Residential Lettings - FAQ
Residential Lettings – We understand that there are often questions that come to mind when preparing to rent a property, sometimes these questions arise after you have viewed your potential new home or even after your tenancy has commenced.
Below we offer answers to some of the most asked questions that tenants raise with us.
As we are acting on behalf of Landlords that have placed their trust in us, it is incumbent upon us to ensure that we only offer properties to suitable tenants who can demonstrate affordability and stability. We have a professional duty to check your identity and eligibility to rent a property in the UK.
It is not unusual for a Landlord to ask for a Guarantor to be provided. This could be because your income may not be sufficient to pass an affordability check without bonuses or overtime that is not guaranteed, or if you have previous credit issues. It should not be concerning to you.
The Immigration Act 2014 introduced a requirement for Landlords and Letting Agents to check the eligibility of all tenants to reside in the UK. This means that as part of your application process for a tenancy with us, we will require to see and take copies of original documentation showing your right to reside in the UK. This may be a Passport, Identity Card, Visa or Residency Permit etc. If you are unsure of the appropriate documents, please do contact to us for advice.
We ask you to pay a Tenancy deposit as a form of security to the Landlord against any damage that may be caused during you tenancy or if you have failed to pay your full rent upon departure. The way in which we hold and deal with our deposit is strictly controlled and details of how it is protected can be found on our Tenant Resources page.
If you discover problems or faults with your home, please talk to us as soon as possible. We can then assess what is required and with Landlord approval arrange repairs. Pease don’t leave things to deteriorate as this may lead to increased damage and cost and you may be asked to contribute to the repair cost.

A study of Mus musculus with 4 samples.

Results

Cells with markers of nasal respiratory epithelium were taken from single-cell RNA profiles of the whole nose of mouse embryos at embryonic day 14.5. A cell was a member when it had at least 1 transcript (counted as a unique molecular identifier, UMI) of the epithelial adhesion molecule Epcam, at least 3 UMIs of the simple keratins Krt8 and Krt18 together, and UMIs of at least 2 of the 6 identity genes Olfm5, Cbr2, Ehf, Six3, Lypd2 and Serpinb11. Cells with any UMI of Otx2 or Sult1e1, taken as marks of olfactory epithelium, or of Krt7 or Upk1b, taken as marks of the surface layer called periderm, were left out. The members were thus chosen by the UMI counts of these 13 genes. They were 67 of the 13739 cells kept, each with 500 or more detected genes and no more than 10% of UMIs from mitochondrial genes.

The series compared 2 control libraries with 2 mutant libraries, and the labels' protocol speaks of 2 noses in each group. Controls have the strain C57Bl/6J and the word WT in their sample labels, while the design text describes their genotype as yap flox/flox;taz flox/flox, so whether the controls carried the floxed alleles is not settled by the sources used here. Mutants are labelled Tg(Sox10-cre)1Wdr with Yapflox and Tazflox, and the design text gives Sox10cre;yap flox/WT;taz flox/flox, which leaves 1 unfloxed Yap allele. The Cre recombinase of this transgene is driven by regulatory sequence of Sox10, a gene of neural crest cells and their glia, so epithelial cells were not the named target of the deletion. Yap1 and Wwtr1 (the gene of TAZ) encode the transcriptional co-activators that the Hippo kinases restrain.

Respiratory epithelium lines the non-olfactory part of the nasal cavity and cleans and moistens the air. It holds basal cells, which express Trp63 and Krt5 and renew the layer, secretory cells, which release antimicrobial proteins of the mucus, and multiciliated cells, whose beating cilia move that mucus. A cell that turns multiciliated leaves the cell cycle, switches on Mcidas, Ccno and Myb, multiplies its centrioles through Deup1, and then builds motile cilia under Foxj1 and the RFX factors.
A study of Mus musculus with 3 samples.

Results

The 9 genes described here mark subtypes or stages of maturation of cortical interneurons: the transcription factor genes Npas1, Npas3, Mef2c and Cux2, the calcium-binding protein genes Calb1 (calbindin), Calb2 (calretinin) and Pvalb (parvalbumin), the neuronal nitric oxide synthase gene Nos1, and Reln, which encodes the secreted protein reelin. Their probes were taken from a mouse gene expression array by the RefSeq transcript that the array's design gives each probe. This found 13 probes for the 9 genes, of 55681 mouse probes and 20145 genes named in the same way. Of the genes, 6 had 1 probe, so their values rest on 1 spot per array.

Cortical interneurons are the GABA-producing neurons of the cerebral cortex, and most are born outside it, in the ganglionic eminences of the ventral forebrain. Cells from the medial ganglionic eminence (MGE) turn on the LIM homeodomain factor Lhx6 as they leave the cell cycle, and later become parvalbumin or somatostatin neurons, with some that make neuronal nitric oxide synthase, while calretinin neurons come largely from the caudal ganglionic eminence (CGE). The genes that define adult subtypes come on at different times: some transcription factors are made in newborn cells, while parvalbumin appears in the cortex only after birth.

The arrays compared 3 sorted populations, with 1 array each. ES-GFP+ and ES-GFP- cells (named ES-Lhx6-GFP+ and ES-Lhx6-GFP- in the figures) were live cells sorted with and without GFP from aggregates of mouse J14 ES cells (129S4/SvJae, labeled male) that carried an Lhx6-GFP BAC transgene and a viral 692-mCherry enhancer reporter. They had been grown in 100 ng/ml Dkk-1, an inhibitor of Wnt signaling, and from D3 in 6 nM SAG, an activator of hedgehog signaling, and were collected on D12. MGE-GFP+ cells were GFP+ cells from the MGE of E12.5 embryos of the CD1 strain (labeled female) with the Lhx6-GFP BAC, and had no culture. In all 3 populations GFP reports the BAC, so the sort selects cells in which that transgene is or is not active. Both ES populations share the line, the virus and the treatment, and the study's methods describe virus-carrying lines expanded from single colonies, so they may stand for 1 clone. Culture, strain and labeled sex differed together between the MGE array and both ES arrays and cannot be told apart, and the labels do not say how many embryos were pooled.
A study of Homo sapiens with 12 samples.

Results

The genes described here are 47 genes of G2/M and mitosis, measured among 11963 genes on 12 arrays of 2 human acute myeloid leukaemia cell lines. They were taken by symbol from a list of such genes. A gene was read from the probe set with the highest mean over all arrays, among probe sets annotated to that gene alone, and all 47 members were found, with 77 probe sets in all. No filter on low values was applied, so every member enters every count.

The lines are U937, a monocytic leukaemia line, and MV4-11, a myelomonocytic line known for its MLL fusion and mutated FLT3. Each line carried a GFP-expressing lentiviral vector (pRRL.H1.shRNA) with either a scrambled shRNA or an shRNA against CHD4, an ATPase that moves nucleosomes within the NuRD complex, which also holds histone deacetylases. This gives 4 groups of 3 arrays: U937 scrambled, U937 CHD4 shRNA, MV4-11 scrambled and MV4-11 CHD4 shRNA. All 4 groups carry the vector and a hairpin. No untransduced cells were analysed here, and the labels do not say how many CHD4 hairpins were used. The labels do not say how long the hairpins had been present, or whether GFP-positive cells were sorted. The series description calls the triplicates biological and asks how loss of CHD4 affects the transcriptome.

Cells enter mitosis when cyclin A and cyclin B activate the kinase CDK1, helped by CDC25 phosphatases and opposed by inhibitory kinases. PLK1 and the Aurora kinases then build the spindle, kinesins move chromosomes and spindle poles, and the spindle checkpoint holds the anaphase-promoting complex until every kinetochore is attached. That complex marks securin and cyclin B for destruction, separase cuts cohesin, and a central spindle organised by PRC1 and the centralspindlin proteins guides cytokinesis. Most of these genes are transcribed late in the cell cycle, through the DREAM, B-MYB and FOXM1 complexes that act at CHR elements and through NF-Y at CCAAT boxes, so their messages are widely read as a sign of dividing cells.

Your responsibilities are defined in your Tenancy Agreement. This is a legally binding contract between you and your Landlord. Your Landlord has obligations too. We have provided guidance for you about your obligations on our Terms and Conditions and Tenant Resources pages.
Of course we want you to enjoy your home without disturbance or interference. However because we have to look after the property for the Landlord we will need to visit to carry out inspections and undertake repairs. When access is required we will always provide you with as much notice as we can (and not less than 24 hours), unless it is a genuine emergency. Please note that in the case of repairs, our staff will be carrying out numerous jobs each day of various durations, we cannot always therefore give you a specific time for a visit, although we will always try and confirm an am or pm slot.
When signing a tenancy agreement you are committing to a legal contract to take the property for the duration of the tenancy. As such, you will be responsible for the rent and bills as detailed until the tenancy end date. When the end of your initial tenancy period approaches you will be offered a new contract (typically for 12 or 6 months duration), renewals are subject to a good payment record, satisfactory tenancy conduct and landlord agreement. Sometimes landlords will allow their tenants to remain on the original or prior renewal tenancy contract running month to month however, this depends on each landlord's individual requirements. Under the conditions of all our tenancy agreements at least one months’ notice in writing is required, on a rent day. This must be done at the end of any given tenancy period or renewal even if you are running month to month. It is always best to check with us when you first think of even potentially giving notice in order to avoid any contractual misunderstandings.
It is important to understand that when you sign a tenancy agreement, you agree and commit yourself for the full tenancy term. Where particular circumstances mean you need to leave early then you should talk to your property manager as soon as possible. Your property manager may be able to agree with the landlord that the property should be re-marketed and new tenants found however, this is entirely at the discretion of each individual landlord. You will remain responsible for the property and financial commitments, including administration charges incurred by us until such time as the property is re-let or the tenancy reaches a natural end.